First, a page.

Opinion

How Can Cyclists and Personal Mobility Device Riders Co-exist Safely with Motorists in Singapore?

Joanne Poh 0 Comments


But all is not right in Paradise, as there have been some run-ins between cyclists and personal mobility device (PMD) riders, and drivers.

Drivers are complaining that the cyclists and PMD users all have death wishes as some have been spotted riding against the flow of traffic, beating traffic lights and performing other circus stunts.

On the other hand, for cyclists and PMDs, riding on the roads is like swimming in a cesspool of sharks, as road users here are not accustomed to sharing the roads, and the number of cyclists getting crushed under the wheels of an inconsiderate driver is rising.

Now, some road users are even calling for a ban on users of PMDs like scooters and electric bikes on roads. Others argue that they pay COE, but not cyclists or PMD users, so they should be the only ones allowed on the roads.

Here are some measures that people have suggested as antidotes to the issue:

 

Implement COE or road tax on all bicycle and PMD purchases

In Singapore, whoever has the most money wins.

That’s why some drivers have been calling upon the LTA to impose a COE or road tax on all bicycle and PMD purchases.

While this sounds like a ridiculous suggestion (why not start taxing people for walking on roads too, then?), there are some areas where it might actually be useful.

COE registration would mean that all bicycles and PMDs would be registered and thus easily identifiable. It would also be easier to fine cyclists and PMD users for infringing traffic regulations.

That would certainly go a long way towards addressing drivers’ concerns about reckless PMD users on the road.

However, in practice this would never work, as it would be too impractical to implement—imagine having to register and tax the sale of every BMX bike, longboard and hoverboard.

In addition, people would be pissed as hell that Singapore is becoming an even “finer” city, and it would work against the government’s attempts to promote the car-lite city concept.

 

Send cyclists and PMD users for certification and training

In theory, there should be no reason why cyclists and motorists can’t share the road. This is done in developed countries all over the world.

The main difference between cycling on the road in Singapore and, say, Germany is that there is a marked lack of education and civility here when it comes to respecting other road users.

Cyclists and PMD users aren’t blameless either. Every driver has experienced the terror of having to slam on the brakes to avoid hitting some skate scooter rider who’s suddenly darted across the zebra crossing.

Perhaps the solution is to send cyclists and PMD users for certification and training, and require them to have a cert if they want to use the roads. This would definitely fix the problem of cyclists and PMD users not knowing the road rules and acting like they’re in some giant skate park.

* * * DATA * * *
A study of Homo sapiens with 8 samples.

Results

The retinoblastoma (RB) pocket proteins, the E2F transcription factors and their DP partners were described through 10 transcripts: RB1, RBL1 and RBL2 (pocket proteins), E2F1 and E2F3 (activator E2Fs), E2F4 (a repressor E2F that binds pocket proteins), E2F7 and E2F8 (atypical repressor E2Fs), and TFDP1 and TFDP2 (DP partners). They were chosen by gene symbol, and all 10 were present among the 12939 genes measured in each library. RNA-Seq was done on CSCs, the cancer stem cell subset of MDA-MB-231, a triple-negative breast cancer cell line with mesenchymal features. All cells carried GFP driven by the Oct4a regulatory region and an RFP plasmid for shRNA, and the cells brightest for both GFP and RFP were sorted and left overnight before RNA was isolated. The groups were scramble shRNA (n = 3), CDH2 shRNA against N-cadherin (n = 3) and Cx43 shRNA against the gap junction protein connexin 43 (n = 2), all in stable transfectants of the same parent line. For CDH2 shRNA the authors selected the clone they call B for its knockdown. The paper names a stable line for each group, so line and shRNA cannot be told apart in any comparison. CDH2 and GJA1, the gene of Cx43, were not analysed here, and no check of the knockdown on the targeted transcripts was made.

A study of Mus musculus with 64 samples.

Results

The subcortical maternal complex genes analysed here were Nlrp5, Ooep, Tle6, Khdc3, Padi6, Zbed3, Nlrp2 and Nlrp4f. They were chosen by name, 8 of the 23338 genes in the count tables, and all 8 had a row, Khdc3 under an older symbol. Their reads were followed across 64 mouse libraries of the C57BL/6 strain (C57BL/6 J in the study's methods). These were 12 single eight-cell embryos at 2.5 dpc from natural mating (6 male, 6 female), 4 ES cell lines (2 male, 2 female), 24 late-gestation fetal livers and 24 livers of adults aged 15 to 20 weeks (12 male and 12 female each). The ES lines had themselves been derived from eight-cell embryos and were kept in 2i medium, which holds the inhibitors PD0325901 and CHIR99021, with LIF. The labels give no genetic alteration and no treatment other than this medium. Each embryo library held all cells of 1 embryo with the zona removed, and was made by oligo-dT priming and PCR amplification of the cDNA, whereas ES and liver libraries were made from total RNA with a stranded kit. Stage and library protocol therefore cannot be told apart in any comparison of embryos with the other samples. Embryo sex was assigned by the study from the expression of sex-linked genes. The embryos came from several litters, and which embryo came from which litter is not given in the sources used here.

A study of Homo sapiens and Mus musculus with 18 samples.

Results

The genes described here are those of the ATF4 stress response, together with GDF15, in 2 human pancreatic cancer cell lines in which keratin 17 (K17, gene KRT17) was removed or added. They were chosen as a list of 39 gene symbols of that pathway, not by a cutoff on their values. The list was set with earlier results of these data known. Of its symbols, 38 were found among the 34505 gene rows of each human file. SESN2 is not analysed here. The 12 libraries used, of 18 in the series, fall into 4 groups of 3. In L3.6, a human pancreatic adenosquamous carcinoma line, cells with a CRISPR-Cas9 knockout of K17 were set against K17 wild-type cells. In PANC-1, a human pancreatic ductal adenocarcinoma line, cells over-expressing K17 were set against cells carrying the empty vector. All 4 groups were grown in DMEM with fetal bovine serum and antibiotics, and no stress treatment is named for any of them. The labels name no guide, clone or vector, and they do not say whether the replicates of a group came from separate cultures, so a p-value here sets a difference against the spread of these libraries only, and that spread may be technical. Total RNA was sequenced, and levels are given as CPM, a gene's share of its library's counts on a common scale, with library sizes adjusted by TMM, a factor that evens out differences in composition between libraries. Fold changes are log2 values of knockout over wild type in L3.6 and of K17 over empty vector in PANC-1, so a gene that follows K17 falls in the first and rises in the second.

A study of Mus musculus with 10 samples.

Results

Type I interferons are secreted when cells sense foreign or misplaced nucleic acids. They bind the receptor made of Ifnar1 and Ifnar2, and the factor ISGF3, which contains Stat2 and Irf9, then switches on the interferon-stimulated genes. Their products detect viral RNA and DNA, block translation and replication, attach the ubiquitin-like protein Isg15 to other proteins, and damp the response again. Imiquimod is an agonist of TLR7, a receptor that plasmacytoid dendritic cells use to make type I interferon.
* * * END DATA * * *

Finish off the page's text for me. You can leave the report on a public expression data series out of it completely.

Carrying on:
The obvious problem is that it’d be a laborious process, difficult to enforce and, frankly, a little silly—no other country forces cyclists to get certified.

There might, however, be value in adding a component in local driving courses about how to graciously share the road with cyclists and PMD users. As it is, drivers are not used to looking out for other road users and most do not seem to know that they should slow down and give some distance when passing cyclists.

 

Build more dedicated bicycle lanes

If cyclists and drivers can’t get along, the solution might be to build more dedicated bicycle lanes so they don’t have to cross paths.

This is already happening to a certain extent, in the form of the extended cycling networks and park connectors that have been popping up in areas like Punggol and Tampines.

What can be done is to increase the network of cycling tracks, not just between parks but also on routes that people commonly commute, such as from the suburbs to the CBD.

The more lanes there are on routes that are actually useful to commuters, the more cyclists will use them, rather than try to brave the roads.

The obvious drawback is that it’s going to take time and money to build these roads, and it’s really up to the government to decide what density of networks and which routes are worth the money. In addition, it is highly unlikely we’ll ever build a truly comprehensive cycling network that enables cyclists to keep off the roads completely.

It’s quite obvious that none of the above suggestions can fully resolve the clash between cyclists and PMD users on the one hand, and motorists on the other. Trying to impose more rules or regulations on cyclists and PMD users may not work simply because it’s so hard to enforce them. The only thing that can truly make the roads a safe place for all is education and a change in attitude. And as we all know, a third-world mentality can take a while to grow out of.

What can be done to help cyclists, PMD riders and drivers coexist safely? Share your suggestions in the comments!


In my previous life, I was a property lawyer who spent most of my time struggling to get out of bed or stuck in peak hour traffic. These days, as a freelance commercial writer, I work in bed, on the beach, in parks and at cafes, all while being really frugal. I like helping other people save money so they can stop living lives they don't like.